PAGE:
Epiphytic or lithophytic, sympodial, caespitose to rhizomatous, erect herbs. Roots reddish or brown, rarely white, conspicuously velamentous, cylindrical and smooth, to several mm in diameter. Pseudobulb conical, bifoliate, conspicuously sulcate, subtended by scarious, nonfoliaceous bracts. Leaves distichous, conduplicate, articulate with the apex of the pseudobulb, sessile, often coriaceous, usually oblong or oblong-elliptic to broadly elliptic or obovoid, acute to obtuse. Inflorescence solitary-flowered, erect, originating from base of pseudobulbs, often several produced simultaneously; scape bearing several greenish to scarious bracts. Flowers usually showy, campanulate to spreading, resupinate, sometimes fragrant; floral bracts shorter than the ovary. Sepals and petals free, fleshy, sometimes fibrous, yellowish or creamy in colour with purplish dots, lines or spotting; spotting commonly more intense on the external surface of sepals. Sepals similar, lateral sepals oblique, forming a mentum. Petals similar to sepals but usually smaller and narrower, frequently subparallel to column. Labellum free and hinged at the base of the column, trilobed, lateral lobes obtuse, midlobe longer than lateral lobes, smooth; callus always present, usually ligulate, smooth. Column cylindrical to hemicylindrical, arcuate, often darkly pigmented; anther apical, operculate, incumbent, anther cap usually with a dorsal crest, pollinarium with four pollinia in two superposed, unequal pairs, tegular stipe usually absent, viscidium soft, semilunar; stigma concave, triangular. Ovary smooth, cylindrical. Capsule with six valves separating apically at dehiscence. Seeds Maxillaria-type. (RS, SK, GC).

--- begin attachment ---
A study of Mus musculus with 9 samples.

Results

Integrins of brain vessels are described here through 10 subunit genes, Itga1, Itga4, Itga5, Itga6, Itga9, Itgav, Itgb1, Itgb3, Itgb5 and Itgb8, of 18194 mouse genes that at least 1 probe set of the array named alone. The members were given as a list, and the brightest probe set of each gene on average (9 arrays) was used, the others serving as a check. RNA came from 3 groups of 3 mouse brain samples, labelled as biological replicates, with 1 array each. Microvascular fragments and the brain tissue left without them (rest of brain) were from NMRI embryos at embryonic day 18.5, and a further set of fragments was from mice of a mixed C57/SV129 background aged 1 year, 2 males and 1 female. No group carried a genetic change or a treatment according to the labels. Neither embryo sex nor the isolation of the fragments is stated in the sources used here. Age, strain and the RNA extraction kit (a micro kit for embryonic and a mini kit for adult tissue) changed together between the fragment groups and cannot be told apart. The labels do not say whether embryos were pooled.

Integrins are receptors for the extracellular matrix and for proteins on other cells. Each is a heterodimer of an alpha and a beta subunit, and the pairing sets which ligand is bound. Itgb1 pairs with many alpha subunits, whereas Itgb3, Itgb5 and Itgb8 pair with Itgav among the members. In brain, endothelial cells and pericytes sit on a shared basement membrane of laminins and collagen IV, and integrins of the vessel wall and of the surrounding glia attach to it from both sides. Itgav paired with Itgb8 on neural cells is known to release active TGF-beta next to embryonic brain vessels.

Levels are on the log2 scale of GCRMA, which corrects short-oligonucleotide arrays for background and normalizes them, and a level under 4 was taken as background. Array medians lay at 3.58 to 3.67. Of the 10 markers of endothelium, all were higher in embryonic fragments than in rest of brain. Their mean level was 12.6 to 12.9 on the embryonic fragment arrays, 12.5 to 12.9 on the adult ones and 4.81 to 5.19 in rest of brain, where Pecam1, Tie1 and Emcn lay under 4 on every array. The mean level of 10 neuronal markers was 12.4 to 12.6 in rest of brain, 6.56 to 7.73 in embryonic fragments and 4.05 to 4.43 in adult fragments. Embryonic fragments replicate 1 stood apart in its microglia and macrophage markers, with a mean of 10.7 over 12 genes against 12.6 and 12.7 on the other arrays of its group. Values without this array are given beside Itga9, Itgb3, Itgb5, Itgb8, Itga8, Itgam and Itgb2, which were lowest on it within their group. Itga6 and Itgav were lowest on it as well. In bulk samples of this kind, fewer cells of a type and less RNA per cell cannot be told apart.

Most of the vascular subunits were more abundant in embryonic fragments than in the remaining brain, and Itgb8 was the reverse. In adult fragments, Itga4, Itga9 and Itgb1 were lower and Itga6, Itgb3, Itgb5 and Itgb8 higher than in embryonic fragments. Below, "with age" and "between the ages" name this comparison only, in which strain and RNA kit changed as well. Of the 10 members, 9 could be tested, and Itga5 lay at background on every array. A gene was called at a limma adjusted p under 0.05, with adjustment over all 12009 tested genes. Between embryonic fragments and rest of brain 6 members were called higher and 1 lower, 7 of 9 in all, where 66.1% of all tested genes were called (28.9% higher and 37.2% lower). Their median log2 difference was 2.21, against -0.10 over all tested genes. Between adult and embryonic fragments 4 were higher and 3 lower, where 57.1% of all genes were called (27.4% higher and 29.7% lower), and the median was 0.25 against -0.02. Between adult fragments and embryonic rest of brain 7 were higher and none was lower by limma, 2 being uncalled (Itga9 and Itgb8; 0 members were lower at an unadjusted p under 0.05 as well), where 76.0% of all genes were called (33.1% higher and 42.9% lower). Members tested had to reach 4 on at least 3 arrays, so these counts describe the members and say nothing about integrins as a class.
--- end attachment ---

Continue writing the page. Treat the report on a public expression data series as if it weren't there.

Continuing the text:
Brasiliorchis is a primarily Brazilian genus of 13 species with a few species such as B. picta and B. chrysantha (Barb.Rodr.) R.Singer, S.Koehler & Carnevali reaching extreme northeastern Argentina (Correa 1996; Johnson 2001). Brasiliorchis marginata (Lindl.) R.Singer, S.Koehler & Carnevali has been reported for the Guyanas, Ecuador, and Colombia (Pabst and Dungs 1977; Sprunger et al. 1997), but the Ecuadorian records are based on misidentifi ed specimens of Maxillaria rotundilabia C.Schweinf. The distribution of most species coincides with the extent of the Atlantic Rain Forest Biome (Mata Atlântica), including extreme northeastern Argentina (Misiones) and eastern Brazil, from Rio Grande do Sul to Bahia. (RS, SK, GC).
Brasiliorchis species are particularly abundant and conspicuous at the Espinhaço, Mantiqueira, and Serra do Mar ranges in southeastern Brazil above 800 m. Brasiliorchis picta and B. chrysantha reach Misiones in Argentina (Johnson 2001). The plants may be either lithophytic or epiphytic in full sun or in more shady conditions. Lithophytic plants tend to have more robust, yellowish pseudobulbs with shorter and stiffer leaves. Conversely, plants growing in understorey conditions tend to have greener, soft pseudobulbs with longer leaves. Brasiliorchis species often form large clumps and may be locally common. Several species fl ower during the winter. The flowers may last for several days (Singer and Cocucci 1999). Brasiliorchis marginata is remarkable in producing flowers gradually from late winter until the end of the summer. (RS, SK, GC).
There are no recorded uses for any of the species of Brasiliorchis except as rarely cultivated ornamentals. (RS, SK, GC).
Species are easily cultivated under intermediate conditions in coarse epiphytic mix or on mounts. Because these plants are robust and tolerate a range of light intensities, they grow well in cultivation and may become large specimens in a few years. (RS, SK, GC).
Flowers of Brasiliorchis offer no reward to their pollinators and are pollinated by deceit. Worker bees of Trigona (Meliponini) are recorded as pollinators of B. picta, B. marginata, and B. porphyrostele. Trigona workers enter the floral cavity and dislodge the pollinarium when retreating. The pollinarium is attached by the semilunar, soft viscidium to the bee’s scutellum. The bees are likely able to perceive the absence of nectar after a few visits. As a consequence, pollinarium removal and pollination are limited to a few days after blooming. Vespidae wasps have been recorded as pollinators of B. gracilis (Singer and Koehler 2004). With the exception of B. chrysantha, all species studied so far are self-incompatible (Singer et al. 2007). (RS, SK, GC).